It doesn't actually take long to notice the Czech interest in their Celtic roots and even in the British Arthurian tradition. There is even a guy in Cesky Krumlov who calls himself Merlin. You can buy a wonderful map which marks out the places of ancient power in the area - the comments are in Czech and so I am not sure of the places' significance. But you wouldn't get a map like that sold along side the Ordnance Survey in shops in England.
On two occasions I have been taken by some Czech friends to visit local standing stones. On one occasion my friend and I were taken to a place off the road between Cesky Krumlov and Horice na Sumave. We parked the car by the road, dropped down a short slope to cross a stream, passed one of the many small shrines that cover the Czech countryside and followed a path that curved up into the woods. After a while we came to an opening in the trees; the sun streamed through the trees on to a stone lying on the floor. We were told that this had long been a place of power with travellers coming here for centuries to access the forces. Individually we knelt by the horizontal stone and placed our right hands on it, as instructed. We then rose and waited. My friend having risen, found herself being compelled for no reason to walk backwards until she stopped a few yards away. Our guide was delighted - my friend had apparently stopped somewhere important. For me nothing happened.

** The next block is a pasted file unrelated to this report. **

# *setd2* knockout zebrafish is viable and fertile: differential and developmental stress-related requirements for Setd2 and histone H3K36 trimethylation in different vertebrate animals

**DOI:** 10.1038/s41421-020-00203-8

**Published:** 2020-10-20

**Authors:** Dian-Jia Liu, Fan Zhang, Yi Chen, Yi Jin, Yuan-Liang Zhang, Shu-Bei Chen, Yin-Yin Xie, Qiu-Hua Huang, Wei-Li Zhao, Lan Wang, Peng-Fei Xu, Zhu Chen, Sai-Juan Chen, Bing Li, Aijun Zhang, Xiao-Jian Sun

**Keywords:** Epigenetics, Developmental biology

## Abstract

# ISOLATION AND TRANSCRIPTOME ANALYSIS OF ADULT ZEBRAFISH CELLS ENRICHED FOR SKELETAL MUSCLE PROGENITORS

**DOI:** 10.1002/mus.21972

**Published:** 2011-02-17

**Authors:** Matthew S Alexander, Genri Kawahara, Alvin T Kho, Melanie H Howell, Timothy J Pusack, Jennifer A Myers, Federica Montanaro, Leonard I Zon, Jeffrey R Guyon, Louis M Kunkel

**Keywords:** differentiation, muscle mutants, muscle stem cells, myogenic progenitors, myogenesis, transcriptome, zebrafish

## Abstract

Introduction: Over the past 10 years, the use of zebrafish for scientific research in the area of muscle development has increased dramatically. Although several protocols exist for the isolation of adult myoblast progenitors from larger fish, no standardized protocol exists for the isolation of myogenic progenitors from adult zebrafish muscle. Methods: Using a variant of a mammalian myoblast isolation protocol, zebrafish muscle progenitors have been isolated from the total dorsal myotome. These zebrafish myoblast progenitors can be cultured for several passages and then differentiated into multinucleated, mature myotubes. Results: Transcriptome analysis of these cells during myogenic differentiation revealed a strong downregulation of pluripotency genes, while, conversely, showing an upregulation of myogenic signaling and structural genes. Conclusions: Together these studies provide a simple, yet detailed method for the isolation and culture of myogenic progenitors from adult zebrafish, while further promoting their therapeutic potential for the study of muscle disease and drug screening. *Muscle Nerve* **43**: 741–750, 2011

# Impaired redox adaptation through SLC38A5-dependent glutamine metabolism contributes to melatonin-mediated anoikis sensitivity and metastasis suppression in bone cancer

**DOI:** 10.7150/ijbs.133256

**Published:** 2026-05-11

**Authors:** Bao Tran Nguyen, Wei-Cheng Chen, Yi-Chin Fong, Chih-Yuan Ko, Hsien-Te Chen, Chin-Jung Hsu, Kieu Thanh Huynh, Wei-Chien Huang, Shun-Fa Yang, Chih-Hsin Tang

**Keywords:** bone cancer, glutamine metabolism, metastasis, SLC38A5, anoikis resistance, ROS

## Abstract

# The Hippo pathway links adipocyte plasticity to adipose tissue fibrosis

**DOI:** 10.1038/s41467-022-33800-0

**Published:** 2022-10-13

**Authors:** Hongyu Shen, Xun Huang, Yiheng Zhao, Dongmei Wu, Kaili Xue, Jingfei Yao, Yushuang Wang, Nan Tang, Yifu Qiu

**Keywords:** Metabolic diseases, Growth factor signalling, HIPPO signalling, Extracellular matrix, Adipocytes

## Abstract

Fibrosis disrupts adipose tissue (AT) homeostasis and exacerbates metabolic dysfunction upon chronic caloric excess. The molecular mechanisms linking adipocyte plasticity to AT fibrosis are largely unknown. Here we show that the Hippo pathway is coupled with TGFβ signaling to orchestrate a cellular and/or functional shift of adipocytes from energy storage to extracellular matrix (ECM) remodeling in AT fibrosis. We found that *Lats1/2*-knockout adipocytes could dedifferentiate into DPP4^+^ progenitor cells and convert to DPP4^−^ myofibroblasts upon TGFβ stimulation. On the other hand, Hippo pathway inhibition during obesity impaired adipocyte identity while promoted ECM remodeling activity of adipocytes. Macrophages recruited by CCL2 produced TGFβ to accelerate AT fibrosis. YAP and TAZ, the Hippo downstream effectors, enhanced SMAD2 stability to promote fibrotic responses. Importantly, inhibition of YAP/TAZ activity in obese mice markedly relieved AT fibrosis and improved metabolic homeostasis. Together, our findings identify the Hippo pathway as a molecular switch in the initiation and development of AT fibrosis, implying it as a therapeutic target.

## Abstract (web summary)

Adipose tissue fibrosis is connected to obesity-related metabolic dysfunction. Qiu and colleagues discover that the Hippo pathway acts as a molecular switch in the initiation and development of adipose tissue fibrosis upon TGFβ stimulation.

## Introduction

As we walked back to the car I pondered my reactions to it all. Did I believe what had happened? I knew my friend's reaction would have been absolutely honest, and so something had moved her. But did I believe it? If I did, why did it not work for me? I had been open to anything, I thought. And for that matter I am usually very sensitive to places. As a teenager I had been as obsessed by the Celts as the Czechs, making pilgrimages to ancient places - standing stones, circles and Celtic hill forts (oppida). I had had a whole collection of clunky Celtic jewellary on leather thongs - but then so did everyone else in the early 70s. And I had bought every book I could find on the Celts.
I suppose it might just be that that particular place did not have an impact on me. Then it could have been that the rational and somewhat cynical English side of me was on top at that point - the Oxford-trained historian. You will note that I talk of it as the English side not the British. You see one thing we have in common with the Czechs is not just our Celtic roots, but that we have other roots, roots we are perhaps less fond of. The Czechs have the Slavs, the English have the Anglo Saxon. And so we seek what we see as the Celtic, - the other, the mystical side in our personalities.